Foundations of Electron Microscopy
When: January 10-11, 2017
Instructor: Professor Marc De Graef, Materials Science and Engineering, Carnegie Mellon University
Location: Johns Hopkins University, Homewood Campus, Baltimore, MD
About the course:
This two-day course provides an in-depth overview of the physics of image and diffraction pattern formation in both scanning electron microscopy (SEM) and transmission electron microscopy (TEM). The course will begin with an overview of electron scattering, leading to the formulation of the Governing Equation (a form of the Schroedinger Equation) and several solution methods. Emphasis will be placed on obtaining an understanding of the mechanisms of image and diffraction pattern formation, including ways to simulate such patterns. Both SEM and TEM techniques will be covered, both in the context of defect free crystals and image formation in the presence of lattice defects. We conclude the course with a detailed introduction to the automated indexing of diffraction patterns.
This course is directed at graduate students and post-doctoral researchers who wish to attain a deeper understanding of electron scattering techniques, including the simulation of images and diffraction patterns.
- Specific topics to be covered include:
- Basic Crystallography
- Electron Scattering by Atoms, Unit Cells, and Crystals
- Experimental Modalities and Geometries: SEM and TEM
- Electron scattering: the Governing Equation
- Solution Methods
- TEM: Electron Diffraction from Perfect Crystals
- SEM: Electron Diffraction from Perfect Crystals
- Defects in Crystals: Applications for SEM and TEM
- Orientation Representations
- Dictionary-based Indexing of Electron Diffraction Patterns
About the instructor:
Professor De Graef received his BS and MS degrees in physics from the University of Antwerp (Belgium) in 1983, and his Ph.D. in physics from the Catholic University of Leuven (Belgium) in 1989, with a thesis on copper-based shape memory alloys. He then spent three and a half years as a post-doctoral researcher in the Materials Department at the University of California at Santa Barbara before joining Carnegie Mellon in 1993 as an assistant professor. He is currently full professor and co-director of the J. Earle and Mary Roberts Materials Characterization Laboratory. He is a Fellow of the Microscopy Society of America, and he received the TMS Educator Award in 2012. Professor De Graef’s research interests lie in the area of microstructural characterization of structural intermetallics and magnetic materials. His current focus is on the development of experimental and modeling techniques for the quantitative analysis of electron scattering data, including defect images and diffraction patterns, as well as indexing techniques for such diffraction patterns. He has published more that 250 papers in peer-reviewed journals, as well as two text books.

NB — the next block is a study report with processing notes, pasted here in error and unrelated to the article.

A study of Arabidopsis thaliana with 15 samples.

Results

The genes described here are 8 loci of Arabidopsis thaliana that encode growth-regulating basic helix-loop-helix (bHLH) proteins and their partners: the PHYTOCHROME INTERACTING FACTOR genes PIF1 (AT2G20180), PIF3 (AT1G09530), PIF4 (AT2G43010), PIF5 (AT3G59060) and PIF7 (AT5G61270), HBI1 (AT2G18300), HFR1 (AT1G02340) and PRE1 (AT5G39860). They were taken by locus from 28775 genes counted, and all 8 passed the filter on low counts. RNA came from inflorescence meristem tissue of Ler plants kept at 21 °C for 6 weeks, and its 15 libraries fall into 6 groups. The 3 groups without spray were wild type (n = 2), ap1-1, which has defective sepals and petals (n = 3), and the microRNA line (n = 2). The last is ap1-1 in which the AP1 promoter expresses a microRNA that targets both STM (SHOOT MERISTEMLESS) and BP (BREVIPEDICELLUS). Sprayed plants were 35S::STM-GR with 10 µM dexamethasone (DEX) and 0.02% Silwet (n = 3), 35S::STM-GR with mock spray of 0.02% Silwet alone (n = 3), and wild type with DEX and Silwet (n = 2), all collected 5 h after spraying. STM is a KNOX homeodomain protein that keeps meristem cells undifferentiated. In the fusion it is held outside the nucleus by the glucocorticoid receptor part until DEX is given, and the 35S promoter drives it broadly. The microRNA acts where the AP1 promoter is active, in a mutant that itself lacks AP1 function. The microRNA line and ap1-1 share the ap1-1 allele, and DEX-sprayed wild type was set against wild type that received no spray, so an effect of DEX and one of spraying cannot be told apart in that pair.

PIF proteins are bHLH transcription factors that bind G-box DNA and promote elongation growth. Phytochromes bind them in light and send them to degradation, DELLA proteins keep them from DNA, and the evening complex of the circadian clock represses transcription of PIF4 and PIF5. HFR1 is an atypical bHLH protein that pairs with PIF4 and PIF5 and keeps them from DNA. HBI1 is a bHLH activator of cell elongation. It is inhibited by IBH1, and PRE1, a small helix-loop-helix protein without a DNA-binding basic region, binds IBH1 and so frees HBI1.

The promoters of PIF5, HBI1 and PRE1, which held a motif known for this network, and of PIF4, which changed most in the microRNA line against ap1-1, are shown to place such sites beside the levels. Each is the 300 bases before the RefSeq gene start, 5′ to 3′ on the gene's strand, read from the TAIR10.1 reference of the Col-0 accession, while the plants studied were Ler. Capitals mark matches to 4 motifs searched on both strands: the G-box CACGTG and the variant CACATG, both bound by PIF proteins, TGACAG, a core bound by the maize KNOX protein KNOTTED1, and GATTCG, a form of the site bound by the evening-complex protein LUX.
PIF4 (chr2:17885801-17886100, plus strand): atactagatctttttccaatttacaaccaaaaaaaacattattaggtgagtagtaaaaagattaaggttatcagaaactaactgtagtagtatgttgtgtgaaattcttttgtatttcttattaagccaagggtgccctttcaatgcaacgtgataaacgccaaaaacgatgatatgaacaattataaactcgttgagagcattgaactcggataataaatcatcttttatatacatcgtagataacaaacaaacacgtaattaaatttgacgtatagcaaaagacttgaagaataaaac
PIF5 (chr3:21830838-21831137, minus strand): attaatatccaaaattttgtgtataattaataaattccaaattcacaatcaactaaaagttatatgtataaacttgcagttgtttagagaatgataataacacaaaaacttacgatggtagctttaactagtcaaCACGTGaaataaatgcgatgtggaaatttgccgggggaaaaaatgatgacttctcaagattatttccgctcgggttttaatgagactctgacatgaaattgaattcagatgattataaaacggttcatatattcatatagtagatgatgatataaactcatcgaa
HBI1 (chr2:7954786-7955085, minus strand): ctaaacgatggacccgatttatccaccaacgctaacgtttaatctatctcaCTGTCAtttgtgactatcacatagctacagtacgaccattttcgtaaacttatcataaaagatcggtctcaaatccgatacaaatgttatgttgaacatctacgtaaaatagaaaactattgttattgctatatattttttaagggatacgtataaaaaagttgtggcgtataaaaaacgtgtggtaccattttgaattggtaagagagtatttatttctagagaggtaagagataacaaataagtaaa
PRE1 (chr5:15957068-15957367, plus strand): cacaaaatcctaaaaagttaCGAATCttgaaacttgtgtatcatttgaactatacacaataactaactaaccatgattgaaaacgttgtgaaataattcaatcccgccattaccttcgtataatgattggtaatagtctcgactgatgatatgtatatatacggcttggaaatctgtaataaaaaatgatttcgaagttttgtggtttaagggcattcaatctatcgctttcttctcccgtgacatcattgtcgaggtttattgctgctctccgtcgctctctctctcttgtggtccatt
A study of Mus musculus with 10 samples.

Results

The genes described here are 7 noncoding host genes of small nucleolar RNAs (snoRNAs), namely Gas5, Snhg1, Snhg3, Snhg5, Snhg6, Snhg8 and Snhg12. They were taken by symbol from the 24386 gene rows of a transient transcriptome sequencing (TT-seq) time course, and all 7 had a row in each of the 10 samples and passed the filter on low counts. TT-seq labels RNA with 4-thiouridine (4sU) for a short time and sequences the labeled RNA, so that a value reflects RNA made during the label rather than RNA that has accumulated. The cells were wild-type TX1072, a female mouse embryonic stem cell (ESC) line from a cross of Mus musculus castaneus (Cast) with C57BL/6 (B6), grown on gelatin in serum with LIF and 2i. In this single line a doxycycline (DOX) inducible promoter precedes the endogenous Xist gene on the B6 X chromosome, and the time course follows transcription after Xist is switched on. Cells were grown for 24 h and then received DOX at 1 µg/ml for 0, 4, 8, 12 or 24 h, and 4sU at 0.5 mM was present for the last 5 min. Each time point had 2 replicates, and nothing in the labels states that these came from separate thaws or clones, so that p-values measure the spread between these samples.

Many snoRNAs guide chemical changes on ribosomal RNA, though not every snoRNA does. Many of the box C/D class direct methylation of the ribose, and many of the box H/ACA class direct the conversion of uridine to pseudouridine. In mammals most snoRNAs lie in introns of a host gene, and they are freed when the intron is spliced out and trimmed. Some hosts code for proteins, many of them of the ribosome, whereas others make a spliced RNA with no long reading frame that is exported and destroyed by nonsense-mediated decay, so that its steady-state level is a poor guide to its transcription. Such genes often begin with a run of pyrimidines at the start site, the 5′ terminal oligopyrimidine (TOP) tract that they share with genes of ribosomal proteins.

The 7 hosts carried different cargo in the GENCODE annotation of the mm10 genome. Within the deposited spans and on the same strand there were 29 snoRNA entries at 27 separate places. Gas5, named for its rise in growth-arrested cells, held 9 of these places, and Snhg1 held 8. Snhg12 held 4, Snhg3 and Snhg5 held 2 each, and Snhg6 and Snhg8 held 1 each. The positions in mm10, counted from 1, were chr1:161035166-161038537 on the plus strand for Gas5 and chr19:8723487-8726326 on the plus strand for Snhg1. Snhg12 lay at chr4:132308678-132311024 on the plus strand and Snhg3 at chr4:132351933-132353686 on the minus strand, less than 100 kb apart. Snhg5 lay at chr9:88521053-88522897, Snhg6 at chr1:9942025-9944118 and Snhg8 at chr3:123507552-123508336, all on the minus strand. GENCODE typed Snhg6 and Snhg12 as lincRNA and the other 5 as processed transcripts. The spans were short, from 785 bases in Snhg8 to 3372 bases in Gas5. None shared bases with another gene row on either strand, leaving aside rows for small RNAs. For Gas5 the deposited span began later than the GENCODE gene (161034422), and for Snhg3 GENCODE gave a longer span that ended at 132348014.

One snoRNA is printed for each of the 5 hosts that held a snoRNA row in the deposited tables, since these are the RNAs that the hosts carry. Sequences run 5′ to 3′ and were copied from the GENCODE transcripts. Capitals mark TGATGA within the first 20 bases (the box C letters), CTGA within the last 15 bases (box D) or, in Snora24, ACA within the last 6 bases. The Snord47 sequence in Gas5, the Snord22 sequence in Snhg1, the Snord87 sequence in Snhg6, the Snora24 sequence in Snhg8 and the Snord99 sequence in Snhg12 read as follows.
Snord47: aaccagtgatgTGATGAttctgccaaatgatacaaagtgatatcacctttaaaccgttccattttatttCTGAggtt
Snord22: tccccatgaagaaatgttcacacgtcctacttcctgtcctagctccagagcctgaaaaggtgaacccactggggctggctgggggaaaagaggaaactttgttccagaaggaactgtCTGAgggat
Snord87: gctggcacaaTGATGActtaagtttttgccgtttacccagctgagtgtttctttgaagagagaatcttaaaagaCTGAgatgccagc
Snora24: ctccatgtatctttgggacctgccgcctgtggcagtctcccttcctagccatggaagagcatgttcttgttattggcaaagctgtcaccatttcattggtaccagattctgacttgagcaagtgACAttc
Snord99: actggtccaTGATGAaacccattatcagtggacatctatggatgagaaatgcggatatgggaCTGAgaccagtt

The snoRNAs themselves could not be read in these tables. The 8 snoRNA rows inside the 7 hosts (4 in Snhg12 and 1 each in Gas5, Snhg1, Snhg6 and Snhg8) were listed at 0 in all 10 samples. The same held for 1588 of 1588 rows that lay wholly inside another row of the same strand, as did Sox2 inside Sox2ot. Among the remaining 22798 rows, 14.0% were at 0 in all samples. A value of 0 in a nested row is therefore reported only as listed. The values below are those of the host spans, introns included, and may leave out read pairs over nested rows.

Continental breakfast, lunch, the informal social and course materials are included in the cost of registration. Registration is now closed.
Schedule:All of the course events will take place in Malone Hall room G-33 / G35 unless otherwise indicated.
Click HERE for a pdf of the course schedule
Travel and Accommodations:
For those traveling by air, we recommend flying in to BWI Thurgood Marshall Airport in Baltimore.
Shuttle, taxi and rental car options are readily available at BWI for a reasonable price.
For those traveling by train, Baltimore’s Penn Station is a 10 minute drive from campus.
The Inn at the Colonnade is located within walking distance of Homewood Campus.
Update: the course will run as scheduled.
HEMI reserves the right to cancel a course up to 2 weeks before the scheduled presentation date. Please contact the HEMI office (firstname.lastname@example.org) to confirm that the course is happening before making non-refundable travel arrangements.
View a map of the Johns Hopkins Homewood Campus by clicking here.